LONDON?GKN PLC has agreed to buy the Netherland's historic Fokker Technologies Group BV as the British engineering company deepens its bet on the aerospace sector.
The British supplier of plane parts to Boeing Co. and Airbus Group SE said it would buy Fokker for ?706 million ($779.98 million), including debt, from private-equity owner Arle Capital.
Fokker, which dates back to the earliest days of flight, was one of the world's largest plane makers before it entered bankruptcy in the 1990s. The company's plane parts business, which was later revived, is what is now being sold.
Back in 2012 GKN acquired Volvo's aircraft engine unit to boost its aerospace activities after making a big bet on the sector in 2008 by purchasing some of Airbus's manufacturing operations in Filton, England. Demand for plane parts has been booming as Boeing and Airbus have built record order books for commercial planes amid global growth for carriers and demand for more fuel efficient planes.
"Aerospace has been our top priority for acquisitions," said Chief Executive Nigel Stein.
GKN said the deal would expand the company's activities in plane structures and bring it into the plane wiring business. It will also expand the company's aerospace activities in the growing Chinese market, Mr. Stein said, as the company's combined aerospace sales reach about £ 3 billion annually.
Investors cheered the move, sending GKN shares up more than 4%.
Fokker brings with it strong contractual positions on new programs such as the Airbus A350 long-range jet, which is early in its production run and the Lockheed Martin Corp. F-35 Joint Strike Fighter, the Pentagon's most expensive plane program.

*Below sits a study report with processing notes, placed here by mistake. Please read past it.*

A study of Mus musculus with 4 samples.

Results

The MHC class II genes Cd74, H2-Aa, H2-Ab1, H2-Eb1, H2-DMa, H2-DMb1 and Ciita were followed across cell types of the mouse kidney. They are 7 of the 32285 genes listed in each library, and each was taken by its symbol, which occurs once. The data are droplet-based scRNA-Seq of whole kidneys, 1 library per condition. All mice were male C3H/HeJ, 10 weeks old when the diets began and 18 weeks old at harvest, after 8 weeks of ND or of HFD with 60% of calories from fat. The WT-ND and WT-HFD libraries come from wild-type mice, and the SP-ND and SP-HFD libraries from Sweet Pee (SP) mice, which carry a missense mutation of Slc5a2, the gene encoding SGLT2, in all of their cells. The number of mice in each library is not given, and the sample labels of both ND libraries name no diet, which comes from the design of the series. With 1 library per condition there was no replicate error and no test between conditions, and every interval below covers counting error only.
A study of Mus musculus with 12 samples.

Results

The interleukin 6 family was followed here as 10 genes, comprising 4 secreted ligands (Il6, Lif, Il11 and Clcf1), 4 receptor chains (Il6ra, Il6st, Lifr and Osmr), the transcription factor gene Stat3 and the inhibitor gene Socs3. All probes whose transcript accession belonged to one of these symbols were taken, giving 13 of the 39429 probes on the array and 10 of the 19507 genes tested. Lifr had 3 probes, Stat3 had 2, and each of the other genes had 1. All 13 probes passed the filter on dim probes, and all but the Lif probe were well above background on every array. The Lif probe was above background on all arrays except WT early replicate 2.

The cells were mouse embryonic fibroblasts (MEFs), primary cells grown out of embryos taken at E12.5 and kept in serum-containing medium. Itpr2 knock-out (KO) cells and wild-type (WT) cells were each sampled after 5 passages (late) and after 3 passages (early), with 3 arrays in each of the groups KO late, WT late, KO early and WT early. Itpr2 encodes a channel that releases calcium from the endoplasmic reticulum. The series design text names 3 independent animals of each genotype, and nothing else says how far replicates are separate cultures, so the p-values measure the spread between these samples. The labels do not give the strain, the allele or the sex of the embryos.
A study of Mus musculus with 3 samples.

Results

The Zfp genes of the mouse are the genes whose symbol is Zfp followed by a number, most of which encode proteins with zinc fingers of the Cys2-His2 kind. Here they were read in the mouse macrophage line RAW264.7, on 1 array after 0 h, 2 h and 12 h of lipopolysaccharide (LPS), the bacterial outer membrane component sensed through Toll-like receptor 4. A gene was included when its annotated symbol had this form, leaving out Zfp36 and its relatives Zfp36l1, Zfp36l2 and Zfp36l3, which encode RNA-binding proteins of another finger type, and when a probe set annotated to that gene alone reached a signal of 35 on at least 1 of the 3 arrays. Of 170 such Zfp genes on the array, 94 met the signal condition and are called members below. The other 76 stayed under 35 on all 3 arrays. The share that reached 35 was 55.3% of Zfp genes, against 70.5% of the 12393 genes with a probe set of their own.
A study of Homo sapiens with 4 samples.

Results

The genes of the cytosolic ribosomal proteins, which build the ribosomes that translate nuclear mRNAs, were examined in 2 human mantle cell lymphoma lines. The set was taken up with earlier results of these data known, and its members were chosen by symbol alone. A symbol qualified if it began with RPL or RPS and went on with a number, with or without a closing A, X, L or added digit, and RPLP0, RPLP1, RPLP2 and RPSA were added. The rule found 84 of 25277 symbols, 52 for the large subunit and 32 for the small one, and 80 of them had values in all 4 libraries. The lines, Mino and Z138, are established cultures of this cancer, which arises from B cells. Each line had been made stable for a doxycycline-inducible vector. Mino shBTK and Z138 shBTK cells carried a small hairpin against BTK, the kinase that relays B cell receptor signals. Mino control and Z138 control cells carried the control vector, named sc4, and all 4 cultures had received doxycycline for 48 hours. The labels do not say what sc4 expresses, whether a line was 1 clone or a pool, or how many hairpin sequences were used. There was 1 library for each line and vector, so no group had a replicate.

The Dutch unit notched sales of ?758 million in 2014 and a margin of around 7%. Mr. Stein said profitability should rise in the next three years.
The deal comprises a ?500 million cash consideration and assumption of liabilities totaling ?206 million. GKN said it intended to part finance the acquisition through a £ 200 million pound share placing.
The Fokker deal isn't without risk. The Dutch company remains in dispute with the U.S. government over an unlawful transaction with Iran that violated sanctions.
GKN Chief Financial Officer Adam Walker said "we feel comfortable that there that is no material ongoing liability or risk for GKN as part of this." The timing of the purchase wasn't related to a recent nuclear accord between Western governments and Iran that raises the prospect for an end to sanctions, he said.
GKN said it expected the deal to add to its earnings already this year, though it also faces around £ 35 million in integration costs in 2015 and 2016. Job losses would likely be part of the savings the company expects to generate in the coming years, Mr. Stein said. The savings should reach 3% of sales, the company said.
Mr. Stein said it was too early to say if some of Fokker Technologies's businesses would later be sold.
GKN and Arle said they expected the deal to close at the end of the year, pending regulatory approval, including from the U.S.
Separately, GKN said for the six months to June 30, the company that also makes automotive parts, reported a pretax profit of £ 212 million, down from £ 224 million in the same period a year earlier. Revenue for the half year rose by 1% to £ 3.62 billion.
Profit, before tax and certain exceptional items, rose by 4% to £ 307 million. It declared an interim dividend of 2.9 pence per share, up 4% from 2.8 pence paid a year ago.
Mr. Stein said the company remained committed to its automotive activities and would invest and make deals if the right opportunities arise.
Tapan Panchal contributed to this article.